The NFL is said to have approached the artists asking for money before the event or a "contribution of their post-Super Bowl tour income"

Rihanna, Coldplay and Katy Perry asked to pay to play 2015 Super Bowl halftime show

Photo: Getty

Rihanna, Coldplay and Katy Perry have reportedly been asked to pay to play at the 2015 Super Bowl halftime show.

The NFL is said to have narrowed down its list of candidates for the entertainment portion of the event to the three artists and has approached "at least some of the acts" asking them to pay to perform according to The Wall Street Journal.

If the artists aren't willing to give the NFL money to play the gig, it is being suggested that they should "be willing to contribute a portion of their post-Super Bowl tour income to the league." The NFL never pay performers at the event but do cover an artist's travel and production expenses, and also sources sponsorship.

2014's Super Bowl saw performances from Bruno Mars and Red Hot Chili Peppers, the latter of whom confirmed after the show that their instruments were not plugged in during their set. The performance attracted the largest audience in the history of the sporting event, pulling in 115.3 million viewers but during the show, many social media users commented that the band's instruments did not appear to be plugged in.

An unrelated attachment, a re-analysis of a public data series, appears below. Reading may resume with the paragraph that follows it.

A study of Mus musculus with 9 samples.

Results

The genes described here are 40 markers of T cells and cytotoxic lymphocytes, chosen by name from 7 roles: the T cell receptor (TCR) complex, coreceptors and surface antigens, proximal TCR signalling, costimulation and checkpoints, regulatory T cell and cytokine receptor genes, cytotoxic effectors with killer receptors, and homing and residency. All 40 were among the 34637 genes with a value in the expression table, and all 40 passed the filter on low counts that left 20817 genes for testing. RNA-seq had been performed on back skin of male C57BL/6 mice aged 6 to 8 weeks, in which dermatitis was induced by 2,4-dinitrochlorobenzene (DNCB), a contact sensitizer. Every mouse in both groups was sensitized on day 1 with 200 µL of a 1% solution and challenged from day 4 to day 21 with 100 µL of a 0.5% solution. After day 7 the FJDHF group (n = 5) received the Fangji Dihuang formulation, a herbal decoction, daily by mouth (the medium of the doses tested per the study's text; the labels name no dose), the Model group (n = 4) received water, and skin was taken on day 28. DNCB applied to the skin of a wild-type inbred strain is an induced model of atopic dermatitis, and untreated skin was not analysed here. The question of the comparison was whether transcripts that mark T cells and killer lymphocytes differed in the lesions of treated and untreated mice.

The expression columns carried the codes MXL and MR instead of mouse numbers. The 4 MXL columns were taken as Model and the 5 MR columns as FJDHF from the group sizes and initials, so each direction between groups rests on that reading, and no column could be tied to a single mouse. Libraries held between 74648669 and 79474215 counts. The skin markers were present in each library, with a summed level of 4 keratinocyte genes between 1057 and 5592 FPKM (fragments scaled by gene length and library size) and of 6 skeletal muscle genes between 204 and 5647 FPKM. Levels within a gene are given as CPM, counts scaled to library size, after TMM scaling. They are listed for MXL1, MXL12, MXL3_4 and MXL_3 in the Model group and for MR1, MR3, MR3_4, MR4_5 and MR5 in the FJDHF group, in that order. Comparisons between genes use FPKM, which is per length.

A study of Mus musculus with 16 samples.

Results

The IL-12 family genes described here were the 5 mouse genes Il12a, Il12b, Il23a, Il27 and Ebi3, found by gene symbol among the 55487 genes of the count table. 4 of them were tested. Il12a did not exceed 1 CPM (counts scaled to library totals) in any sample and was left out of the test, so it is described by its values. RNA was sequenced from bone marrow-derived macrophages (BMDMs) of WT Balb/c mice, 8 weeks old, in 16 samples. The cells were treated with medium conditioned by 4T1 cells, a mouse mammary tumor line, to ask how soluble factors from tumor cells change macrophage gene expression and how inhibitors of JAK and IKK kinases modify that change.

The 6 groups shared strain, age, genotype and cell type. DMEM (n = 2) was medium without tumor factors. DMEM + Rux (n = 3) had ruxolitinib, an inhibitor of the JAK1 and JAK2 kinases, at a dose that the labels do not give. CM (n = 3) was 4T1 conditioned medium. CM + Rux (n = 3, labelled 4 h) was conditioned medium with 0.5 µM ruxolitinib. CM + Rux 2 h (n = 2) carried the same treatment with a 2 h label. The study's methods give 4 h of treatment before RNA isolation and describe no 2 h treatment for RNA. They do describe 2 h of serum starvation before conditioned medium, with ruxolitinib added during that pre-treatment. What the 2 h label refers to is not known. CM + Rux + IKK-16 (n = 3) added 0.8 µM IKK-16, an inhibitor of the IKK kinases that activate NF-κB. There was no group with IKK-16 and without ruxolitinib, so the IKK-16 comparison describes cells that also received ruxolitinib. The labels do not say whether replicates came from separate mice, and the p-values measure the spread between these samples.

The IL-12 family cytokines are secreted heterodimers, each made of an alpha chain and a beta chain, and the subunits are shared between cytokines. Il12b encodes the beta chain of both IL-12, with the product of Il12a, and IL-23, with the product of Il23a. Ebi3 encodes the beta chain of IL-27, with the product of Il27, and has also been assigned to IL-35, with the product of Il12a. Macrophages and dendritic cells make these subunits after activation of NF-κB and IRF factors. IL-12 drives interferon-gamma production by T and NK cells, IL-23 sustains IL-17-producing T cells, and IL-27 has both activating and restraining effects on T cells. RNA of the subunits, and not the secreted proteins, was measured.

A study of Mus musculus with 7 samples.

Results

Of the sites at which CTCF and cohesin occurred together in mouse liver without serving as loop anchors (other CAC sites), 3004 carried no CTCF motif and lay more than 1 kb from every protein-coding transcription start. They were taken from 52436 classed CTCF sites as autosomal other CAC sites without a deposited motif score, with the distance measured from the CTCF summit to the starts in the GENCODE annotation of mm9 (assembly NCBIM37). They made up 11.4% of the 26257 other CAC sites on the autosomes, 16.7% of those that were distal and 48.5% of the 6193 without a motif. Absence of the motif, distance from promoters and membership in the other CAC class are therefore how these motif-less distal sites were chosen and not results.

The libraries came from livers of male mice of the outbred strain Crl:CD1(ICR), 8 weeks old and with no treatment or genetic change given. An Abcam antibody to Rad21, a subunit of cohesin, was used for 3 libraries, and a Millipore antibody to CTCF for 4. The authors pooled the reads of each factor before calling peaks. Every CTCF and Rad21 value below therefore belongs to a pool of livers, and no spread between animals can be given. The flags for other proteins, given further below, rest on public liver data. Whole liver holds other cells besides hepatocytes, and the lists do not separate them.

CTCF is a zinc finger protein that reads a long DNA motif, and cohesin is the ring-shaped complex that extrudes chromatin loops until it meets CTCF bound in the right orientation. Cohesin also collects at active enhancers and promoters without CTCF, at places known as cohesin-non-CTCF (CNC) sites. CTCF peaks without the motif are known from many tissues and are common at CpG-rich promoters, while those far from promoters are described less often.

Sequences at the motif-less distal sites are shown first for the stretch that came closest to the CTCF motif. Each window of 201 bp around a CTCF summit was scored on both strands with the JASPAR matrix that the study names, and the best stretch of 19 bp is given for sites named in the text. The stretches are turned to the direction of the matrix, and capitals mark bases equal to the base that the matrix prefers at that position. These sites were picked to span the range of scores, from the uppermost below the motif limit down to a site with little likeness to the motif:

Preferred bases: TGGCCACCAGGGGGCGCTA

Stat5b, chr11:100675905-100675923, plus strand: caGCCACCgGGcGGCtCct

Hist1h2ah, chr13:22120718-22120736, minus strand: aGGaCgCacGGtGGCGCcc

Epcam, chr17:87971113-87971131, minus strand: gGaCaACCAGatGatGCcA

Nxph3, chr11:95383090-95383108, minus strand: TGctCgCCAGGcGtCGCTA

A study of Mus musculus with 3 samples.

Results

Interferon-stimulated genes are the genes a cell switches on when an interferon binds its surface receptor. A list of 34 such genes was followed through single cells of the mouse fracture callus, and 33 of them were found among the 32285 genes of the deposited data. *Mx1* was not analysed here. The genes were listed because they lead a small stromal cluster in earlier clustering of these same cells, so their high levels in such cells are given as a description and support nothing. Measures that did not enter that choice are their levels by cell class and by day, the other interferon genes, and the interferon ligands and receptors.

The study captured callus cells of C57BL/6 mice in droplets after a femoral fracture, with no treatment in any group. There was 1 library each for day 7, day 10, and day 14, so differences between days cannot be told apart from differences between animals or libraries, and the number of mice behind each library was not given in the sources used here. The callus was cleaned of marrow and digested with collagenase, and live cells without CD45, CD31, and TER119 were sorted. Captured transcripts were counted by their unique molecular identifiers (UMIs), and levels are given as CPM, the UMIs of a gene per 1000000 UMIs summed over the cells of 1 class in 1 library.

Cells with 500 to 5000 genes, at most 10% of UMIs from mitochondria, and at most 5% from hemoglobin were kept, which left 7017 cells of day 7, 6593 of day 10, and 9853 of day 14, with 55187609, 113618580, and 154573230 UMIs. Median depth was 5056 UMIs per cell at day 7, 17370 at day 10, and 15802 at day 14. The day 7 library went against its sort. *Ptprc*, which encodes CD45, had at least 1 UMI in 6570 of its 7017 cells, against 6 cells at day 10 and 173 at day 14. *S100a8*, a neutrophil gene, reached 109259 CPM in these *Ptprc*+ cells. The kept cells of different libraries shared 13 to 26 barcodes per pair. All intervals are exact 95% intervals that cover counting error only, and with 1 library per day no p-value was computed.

Bassist Flea explained in a post on the band's website that the bass, drums and guitar were not amplified or plugged in, but the vocals were. He wrote that the band were offered no other option by Super Bowl organisers NFL, and following careful consideration decided to go ahead and appear at the event in spite of having to mime.

"So, when this Super Bowl gig concept came up, there was a lot of confusion amongst us as whether or not we should do it, but we eventually decided, it was a surreal, like, once in a life time crazy thing to do and we would just have fun and do it... We decided that, with Anthony singing live, that we could still bring the spirit and freedom of what we do into the performance, and of course we played every note in the recording specially for the gig."